The PhD work I am undertaking looks at whether and how video interpreting could be used to facilitate interactions between the police and a deaf person who uses British Sign Language (BSL). I will begin by looking at first points of contact and progress further into other forms of police interaction to understand the potential of video interpreting and its limitations.

Video-mediated interpreting is a delicate subject as many fear this will become the default choice, replacing spoken or signed language interpreters who would currently attend in person. These concerns are mirrored among deaf and hearing people who require interpreting services. Whilst these concerns are justified, many also recognise the difficulties public authorities, such as the police, experience in locating an interpreter with the requisite spoken or signed language combination. Early stages of contact are generally unplanned and spontaneous, however, as we move further into the process, time pressures and level of demand may change. This is why video-conferencing facilities are currently being used to reach an interpreter in legal contexts. It is important to note, video interpreting is not the only option available to deaf people. Deaf Action in Edinburgh have set up a remote reporting service. As a recognisable organisations in Edinburgh, Deaf Action have trained staff who facilitate and assist with the reporting of an incident or crime to the police.

The AVIDICUS project for several years has been exploring the use of video-mediated interpreting in criminal proceedings. The AVIDICUS project was established in response to greater migration across the 28 European member states. The scale of migration of EU citizens and their legal right to an interpreter became complex and difficult to manage. For the police, it was not always predictable where and when an interpreter would be required, nor the language combinations that would be called for. Video-conferencing facilities began to be seen as an ideal solution to deploying interpreting services on an ad-hoc basis. A key concern for legal representatives was to collate independent academic evidence that could inform and guide future use of video-mediated interpreting usage in legal contexts. Reports and publications of the AVIDICUS project can be found here: AVIDICUS project. A summary of the AVIDICUS findings follows:

Video/Remote interpreting is to be avoided when (non-exhaustive list):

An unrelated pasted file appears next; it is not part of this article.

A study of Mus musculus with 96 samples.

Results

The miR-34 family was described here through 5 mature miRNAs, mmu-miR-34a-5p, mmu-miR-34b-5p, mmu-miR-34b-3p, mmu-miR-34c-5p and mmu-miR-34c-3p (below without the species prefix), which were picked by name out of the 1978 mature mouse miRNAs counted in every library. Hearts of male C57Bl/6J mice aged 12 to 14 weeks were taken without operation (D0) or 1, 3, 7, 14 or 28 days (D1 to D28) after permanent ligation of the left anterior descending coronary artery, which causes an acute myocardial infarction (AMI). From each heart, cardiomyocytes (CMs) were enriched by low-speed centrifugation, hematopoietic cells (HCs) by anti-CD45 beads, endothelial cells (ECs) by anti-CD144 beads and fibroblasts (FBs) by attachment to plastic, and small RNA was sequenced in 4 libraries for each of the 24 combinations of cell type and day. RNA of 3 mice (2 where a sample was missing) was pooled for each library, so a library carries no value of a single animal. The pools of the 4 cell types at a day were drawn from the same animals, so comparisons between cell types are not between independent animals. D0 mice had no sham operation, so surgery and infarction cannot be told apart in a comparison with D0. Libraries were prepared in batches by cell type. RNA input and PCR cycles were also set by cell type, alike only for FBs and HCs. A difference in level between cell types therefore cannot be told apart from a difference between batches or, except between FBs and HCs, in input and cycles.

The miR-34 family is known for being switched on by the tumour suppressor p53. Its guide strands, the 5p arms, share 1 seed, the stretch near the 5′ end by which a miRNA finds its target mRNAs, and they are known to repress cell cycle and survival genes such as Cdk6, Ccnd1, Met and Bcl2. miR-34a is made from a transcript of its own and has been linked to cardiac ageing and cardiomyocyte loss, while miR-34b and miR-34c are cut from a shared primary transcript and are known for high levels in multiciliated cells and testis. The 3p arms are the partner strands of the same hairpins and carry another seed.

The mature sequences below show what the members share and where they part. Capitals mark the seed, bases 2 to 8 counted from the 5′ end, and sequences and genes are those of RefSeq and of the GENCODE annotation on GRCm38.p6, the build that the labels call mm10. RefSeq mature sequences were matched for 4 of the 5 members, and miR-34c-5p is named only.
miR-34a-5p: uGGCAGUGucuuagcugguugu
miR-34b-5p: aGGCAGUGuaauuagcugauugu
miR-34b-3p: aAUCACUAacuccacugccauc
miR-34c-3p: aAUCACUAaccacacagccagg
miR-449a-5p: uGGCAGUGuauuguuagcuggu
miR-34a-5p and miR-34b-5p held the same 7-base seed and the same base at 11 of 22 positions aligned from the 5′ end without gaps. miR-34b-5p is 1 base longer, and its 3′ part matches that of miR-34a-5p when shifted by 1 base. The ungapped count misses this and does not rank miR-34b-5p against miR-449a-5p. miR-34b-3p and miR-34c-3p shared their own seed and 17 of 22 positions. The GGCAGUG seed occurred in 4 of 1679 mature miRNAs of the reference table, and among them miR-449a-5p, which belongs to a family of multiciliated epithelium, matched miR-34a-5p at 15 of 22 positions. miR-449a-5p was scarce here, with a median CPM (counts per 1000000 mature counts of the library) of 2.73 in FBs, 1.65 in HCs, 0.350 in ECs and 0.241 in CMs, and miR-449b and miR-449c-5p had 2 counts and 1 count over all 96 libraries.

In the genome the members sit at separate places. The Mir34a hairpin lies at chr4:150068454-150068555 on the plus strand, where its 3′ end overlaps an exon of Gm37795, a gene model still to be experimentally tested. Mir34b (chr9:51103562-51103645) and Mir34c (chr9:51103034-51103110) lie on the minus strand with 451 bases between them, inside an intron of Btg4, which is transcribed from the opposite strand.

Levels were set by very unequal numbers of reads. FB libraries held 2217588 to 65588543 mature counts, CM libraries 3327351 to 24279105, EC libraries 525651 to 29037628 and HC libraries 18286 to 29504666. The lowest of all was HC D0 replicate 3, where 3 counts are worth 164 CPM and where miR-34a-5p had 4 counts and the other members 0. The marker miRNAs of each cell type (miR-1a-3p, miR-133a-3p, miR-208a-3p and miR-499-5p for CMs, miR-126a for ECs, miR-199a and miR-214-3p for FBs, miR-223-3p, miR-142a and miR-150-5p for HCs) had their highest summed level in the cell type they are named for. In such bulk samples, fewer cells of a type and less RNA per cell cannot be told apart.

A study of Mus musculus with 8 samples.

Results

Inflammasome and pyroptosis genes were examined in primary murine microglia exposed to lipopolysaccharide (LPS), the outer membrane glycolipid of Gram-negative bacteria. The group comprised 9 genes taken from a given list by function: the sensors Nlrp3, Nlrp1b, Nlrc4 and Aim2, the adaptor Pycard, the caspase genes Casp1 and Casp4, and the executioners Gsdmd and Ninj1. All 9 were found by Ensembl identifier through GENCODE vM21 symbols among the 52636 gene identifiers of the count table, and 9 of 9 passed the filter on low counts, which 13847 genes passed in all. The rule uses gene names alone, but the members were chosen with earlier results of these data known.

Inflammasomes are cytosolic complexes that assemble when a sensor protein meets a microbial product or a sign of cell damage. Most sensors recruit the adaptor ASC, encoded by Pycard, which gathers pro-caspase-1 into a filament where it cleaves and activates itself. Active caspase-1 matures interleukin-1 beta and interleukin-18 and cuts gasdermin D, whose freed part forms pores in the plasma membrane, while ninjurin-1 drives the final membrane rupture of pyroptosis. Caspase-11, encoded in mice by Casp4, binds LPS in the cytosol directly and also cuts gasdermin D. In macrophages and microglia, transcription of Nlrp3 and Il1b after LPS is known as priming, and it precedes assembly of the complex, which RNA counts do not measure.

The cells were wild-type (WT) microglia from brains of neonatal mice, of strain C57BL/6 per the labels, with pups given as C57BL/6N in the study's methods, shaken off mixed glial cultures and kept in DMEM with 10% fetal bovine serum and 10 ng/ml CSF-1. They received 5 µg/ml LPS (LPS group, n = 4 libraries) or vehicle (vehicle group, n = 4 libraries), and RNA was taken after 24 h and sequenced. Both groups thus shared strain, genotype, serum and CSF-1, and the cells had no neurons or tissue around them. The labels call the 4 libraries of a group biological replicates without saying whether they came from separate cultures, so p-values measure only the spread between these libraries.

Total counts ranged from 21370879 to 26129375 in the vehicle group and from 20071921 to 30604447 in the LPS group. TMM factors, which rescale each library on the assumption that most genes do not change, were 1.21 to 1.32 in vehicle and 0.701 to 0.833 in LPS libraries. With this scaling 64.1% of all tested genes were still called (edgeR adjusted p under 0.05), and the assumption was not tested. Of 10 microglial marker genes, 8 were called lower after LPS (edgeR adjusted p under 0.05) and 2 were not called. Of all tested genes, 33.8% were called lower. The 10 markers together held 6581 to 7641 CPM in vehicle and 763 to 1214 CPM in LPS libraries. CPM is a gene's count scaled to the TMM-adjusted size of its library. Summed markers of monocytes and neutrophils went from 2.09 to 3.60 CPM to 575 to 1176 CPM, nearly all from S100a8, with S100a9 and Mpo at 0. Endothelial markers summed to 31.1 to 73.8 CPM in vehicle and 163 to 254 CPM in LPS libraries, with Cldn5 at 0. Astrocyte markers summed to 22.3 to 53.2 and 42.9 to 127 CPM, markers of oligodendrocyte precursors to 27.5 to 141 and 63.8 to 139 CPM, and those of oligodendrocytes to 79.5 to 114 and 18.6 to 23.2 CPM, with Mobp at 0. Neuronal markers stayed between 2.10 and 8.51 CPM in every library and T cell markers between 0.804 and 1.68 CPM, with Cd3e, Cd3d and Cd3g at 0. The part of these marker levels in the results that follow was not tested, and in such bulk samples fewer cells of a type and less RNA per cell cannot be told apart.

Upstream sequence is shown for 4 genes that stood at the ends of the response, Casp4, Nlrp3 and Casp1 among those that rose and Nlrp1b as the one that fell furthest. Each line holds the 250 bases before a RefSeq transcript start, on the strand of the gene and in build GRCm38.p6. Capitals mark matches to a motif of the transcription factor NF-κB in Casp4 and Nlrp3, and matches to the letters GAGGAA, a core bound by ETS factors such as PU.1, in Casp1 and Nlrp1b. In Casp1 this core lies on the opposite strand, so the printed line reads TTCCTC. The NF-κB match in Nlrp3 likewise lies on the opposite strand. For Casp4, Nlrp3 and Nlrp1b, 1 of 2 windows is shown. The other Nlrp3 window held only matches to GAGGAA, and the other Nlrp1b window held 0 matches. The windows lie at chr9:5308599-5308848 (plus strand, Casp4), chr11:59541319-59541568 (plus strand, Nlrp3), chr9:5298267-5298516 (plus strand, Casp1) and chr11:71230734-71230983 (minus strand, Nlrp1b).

• Conducting the first thorough questioning of suspects in certain judicial investigations (e.g. drug smuggling, indecency offenses, violent crimes, frontier running).
  • Interviewing vulnerable witnesses and victims.
  • Interviewing minors.
  • Interviewing psychopaths.

Video/Remote interpreting can be used when (non-exhaustive list):

  • Re-interviewing suspects in certain judicial investigations to confront the suspect with, for instance, new evidence that surfaced during the investigation, detailed questioning about a certain topic that was not sufficiently dealt with during the first, face-to-face interview, and verifying certain topics that came up during the first interview.
  • Interviewing as part of procedural issues, for instance in immigration law, and extradition procedures.
  • Re-interviewing victims or witnesses to explore certain topics in depth, and if necessary, showing a picture line-up.

(Braun & Taylor, 2012)

The recommendations listed by the AVIDICUS project tell me that we are not ready for a complete roll out of video interpreting services to facilitate all kinds of interactions with the police, especially lengthy interviews where a statement is being prepared (Braun & Taylor, 2012). Certain areas remain out of bounds for interpreting via a video link because of the lack of presence (see Moser-Mercer, 2005) and additional challenges brought on when communicating via technology. The advice leans more towards interactions that are short, such as fact checking or where the pace and flow of conversation is not harmed by an interpreter being physically located elsewhere.

During my research, I will take on board the recommendations presented in the AVIDICUS project. Different questions must be explored from the perspective of victims, witnesses and suspects. Additionally, I’m mindful that deaf people in Britain may be far more experienced and confident in receiving interpreting services via video technology. It is possible that higher levels of experience will produce a slightly different set of recommendations concerning the use of video-mediated interpreting service to deaf people in policing contexts. For example, a study by Conway and Ryan (Submitted) looked at the experiences of deaf people living in Islington who used video remote interpreting (VRI) to access their local GP (primary medical) services. The option to use VRI is offered as a standby service, where local deaf people determine when VRI should or should not be used. Decisions are made after weighing up the severity of the complaint and the urgency of the appointment. The dialogue between local GPs, local deaf residents and the VRI provider has the potential to enhance health care outcomes. It is clear that the opinions and human experiences of people relying on these services will form a vital element of this conversation, especially if we are to develop a sustainable model of remote interpreting for the future.



Braun, & Taylor. (2012). Videoconference and remote interpreting in legal proceedings. Cambridge: Intersentia.

Conway, D., & Ryan, H. (Submitted). Feeling ‘fully human’… working to reduce health inequalities in primary care through video interpreting. In J. Napier, R. Skinner, & S. Braun (Eds.), Here nor There: Research on interpreting via video link: Gallaudet University Press.

Moser-Mercer, B. (2005). Remote interpreting: The crucial role of presence. bulletin vals-asla, 81, 73-97.